Company admits fracking caused quakes

Blackpool, England, is a seaside town on England’s west coast on the Irish Sea. In April and May, the site for a nearby hydraulic fracturing operation endured two small earthquakes. In a surprising move, said Tree Hugger, Cuadrilla Resources, the firm responsible for the fracking, admitted to causing the quakes.

In the race to obtain gas, many companies have taken to tampering with large underground deposits, using a process called hydraulic fracturing, or fracking, to retrieve it. The method involves pumping large amounts of water into the ground at high pressure, and, as has been proven on several occasions, it is not safe for people or for the environment.

Though the pumping process allows most of the gas to be collected, much of it finds its way into groundwater or waterways. Foul smells reported in home tap water and the presence of harmful chemicals like benzene in wells near drilling sites are only a few examples of the onset of problems caused by fracking.

The latest example is the ongoing string of earthquakes caused by careless drilling throughout the U.S.

Now, in England, the same problem is occurring, but fracking company Cuadrilla is doing something unorthodox by taking full responsibility for its actions.

In a press release issued by the company, they admitted that it was “highly probable that the hydraulic fracturing of Cuadrilla’s Preese Hall-1” triggered “a number of minor seismic events.”

The firm cited an “unusual combination of geology at the well site,” as well as “the pressure exerted by water injection as part of operations.” They went on to remark that the “combination of geological factors was extremely rare,” and that the drilling-induced tremors “would be unlikely to occur together again at future well sites.”

The concern over earthquakes just adds to already existing arguments against fracking in New York, Ohio, Pennsylvania, and other industrialized countries such as France.

Meanwhile, on Nov. 5, a magnitude 5.6 earthquake busted water pipes and ravaged a highway in Oklahoma, part of a steady three-year-long rise in tremors in the state, reported Scientific American. And while seismologist Austin Holland believed that a series of small quakes in the state’s center was triggered by nearby fracking, researchers so far were skeptical of fracking being the culprit behind the Nov. 5 incident.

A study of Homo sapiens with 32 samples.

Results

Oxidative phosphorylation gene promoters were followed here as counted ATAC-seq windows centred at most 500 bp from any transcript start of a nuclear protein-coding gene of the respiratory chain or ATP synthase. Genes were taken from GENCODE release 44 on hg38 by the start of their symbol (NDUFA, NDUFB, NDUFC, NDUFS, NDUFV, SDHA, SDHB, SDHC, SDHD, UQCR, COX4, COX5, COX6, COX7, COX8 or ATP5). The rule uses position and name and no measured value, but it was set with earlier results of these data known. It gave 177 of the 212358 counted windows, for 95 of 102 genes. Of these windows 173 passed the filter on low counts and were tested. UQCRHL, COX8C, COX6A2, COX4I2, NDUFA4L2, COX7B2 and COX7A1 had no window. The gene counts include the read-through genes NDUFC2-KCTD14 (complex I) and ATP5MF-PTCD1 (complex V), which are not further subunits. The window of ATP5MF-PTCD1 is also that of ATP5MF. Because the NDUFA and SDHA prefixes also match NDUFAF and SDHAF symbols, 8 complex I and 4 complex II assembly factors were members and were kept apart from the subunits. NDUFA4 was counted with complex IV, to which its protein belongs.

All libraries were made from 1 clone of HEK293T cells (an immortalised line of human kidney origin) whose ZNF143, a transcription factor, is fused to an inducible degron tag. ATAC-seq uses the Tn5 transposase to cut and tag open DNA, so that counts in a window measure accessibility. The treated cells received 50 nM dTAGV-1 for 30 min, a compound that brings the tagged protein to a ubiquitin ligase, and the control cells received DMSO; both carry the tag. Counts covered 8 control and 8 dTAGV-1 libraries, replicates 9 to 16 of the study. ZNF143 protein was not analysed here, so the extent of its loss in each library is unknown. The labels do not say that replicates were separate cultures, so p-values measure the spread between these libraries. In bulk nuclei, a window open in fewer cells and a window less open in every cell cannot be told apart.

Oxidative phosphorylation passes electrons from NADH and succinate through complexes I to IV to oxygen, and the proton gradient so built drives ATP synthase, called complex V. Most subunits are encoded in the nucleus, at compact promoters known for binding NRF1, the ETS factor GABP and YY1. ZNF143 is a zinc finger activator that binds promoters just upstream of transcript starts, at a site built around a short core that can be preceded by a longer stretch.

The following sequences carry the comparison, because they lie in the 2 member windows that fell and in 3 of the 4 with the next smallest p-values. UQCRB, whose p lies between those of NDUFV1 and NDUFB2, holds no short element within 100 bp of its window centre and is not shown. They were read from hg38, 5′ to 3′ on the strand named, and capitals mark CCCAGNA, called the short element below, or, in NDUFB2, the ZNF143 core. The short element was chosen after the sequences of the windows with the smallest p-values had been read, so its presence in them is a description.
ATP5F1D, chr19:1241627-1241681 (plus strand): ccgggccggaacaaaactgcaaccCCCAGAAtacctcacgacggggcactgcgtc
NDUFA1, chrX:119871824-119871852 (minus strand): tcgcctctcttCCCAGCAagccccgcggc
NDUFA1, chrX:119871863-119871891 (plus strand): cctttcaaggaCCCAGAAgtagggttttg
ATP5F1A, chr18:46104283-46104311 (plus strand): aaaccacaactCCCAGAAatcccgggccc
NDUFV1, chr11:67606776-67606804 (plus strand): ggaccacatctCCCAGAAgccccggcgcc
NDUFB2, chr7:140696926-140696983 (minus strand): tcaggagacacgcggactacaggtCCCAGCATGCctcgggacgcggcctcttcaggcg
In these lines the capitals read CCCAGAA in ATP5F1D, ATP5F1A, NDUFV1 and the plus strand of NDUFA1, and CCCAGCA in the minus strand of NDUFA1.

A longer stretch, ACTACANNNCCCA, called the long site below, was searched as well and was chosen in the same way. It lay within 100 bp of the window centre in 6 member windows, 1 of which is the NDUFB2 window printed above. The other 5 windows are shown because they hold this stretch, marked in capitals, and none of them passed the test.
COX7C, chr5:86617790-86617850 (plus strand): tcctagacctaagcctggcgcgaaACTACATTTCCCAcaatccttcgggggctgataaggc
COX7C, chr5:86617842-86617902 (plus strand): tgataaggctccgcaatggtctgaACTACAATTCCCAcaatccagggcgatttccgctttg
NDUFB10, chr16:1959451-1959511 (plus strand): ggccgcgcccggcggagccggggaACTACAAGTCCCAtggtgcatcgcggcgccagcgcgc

And yet, hydraulic fracturing is certainly not helping the situation.

The U.S. Geological Survey released a report linking the smaller quakes in Oklahoma to a fracking operation in the area.

Said the report, “After hydraulic fracturing began, small earthquakes started occurring, and more than 50 were identified, of which 43 were large enough to be located. Most of these earthquakes occurred within a 24-hour period after hydraulic fracturing operations had ceased. There have been previous cases where seismologists have suggested a link between hydraulic fracturing and earthquakes, but data was limited, so drawing a conclusion was not possible for those cases.”

In England, Cuadrilla suspended its operations in the area after the earthquakes struck.

According to News Inferno, Nick Molho, head of energy policy at World Wide Fund for Nature-U.K., said, “These findings are worrying and are likely to add to the very real concerns that people have about fracking and shale gas.”

The WWF-U.K. is currently pursuing a moratorium on shale gas exploration until the full environmental aftereffects can be ascertained.

Photo: Several activists protest fracking outside the Philadelphia convention center, arguing that the process has polluted air and water and made people sick. Mark Stehle/AP



Blake Skylar
Blake Skylar

Blake is a writer and production manager, responsible for the daily assembly of the People's World home page. He has earned awards from the IWPA and ILCA, and his articles have appeared in publications such as Workday Minnesota, EcoWatch, and Earth First News. He has covered issues including the BP oil spill in New Orleans and the 2015 U.N. Climate Conference in Paris.

He lives in Pennsylvania with his girlfriend and their cats. He enjoys wine, books, music, and nature. In his spare time, he reviews music, creates artwork, and is working on several books and digital comics.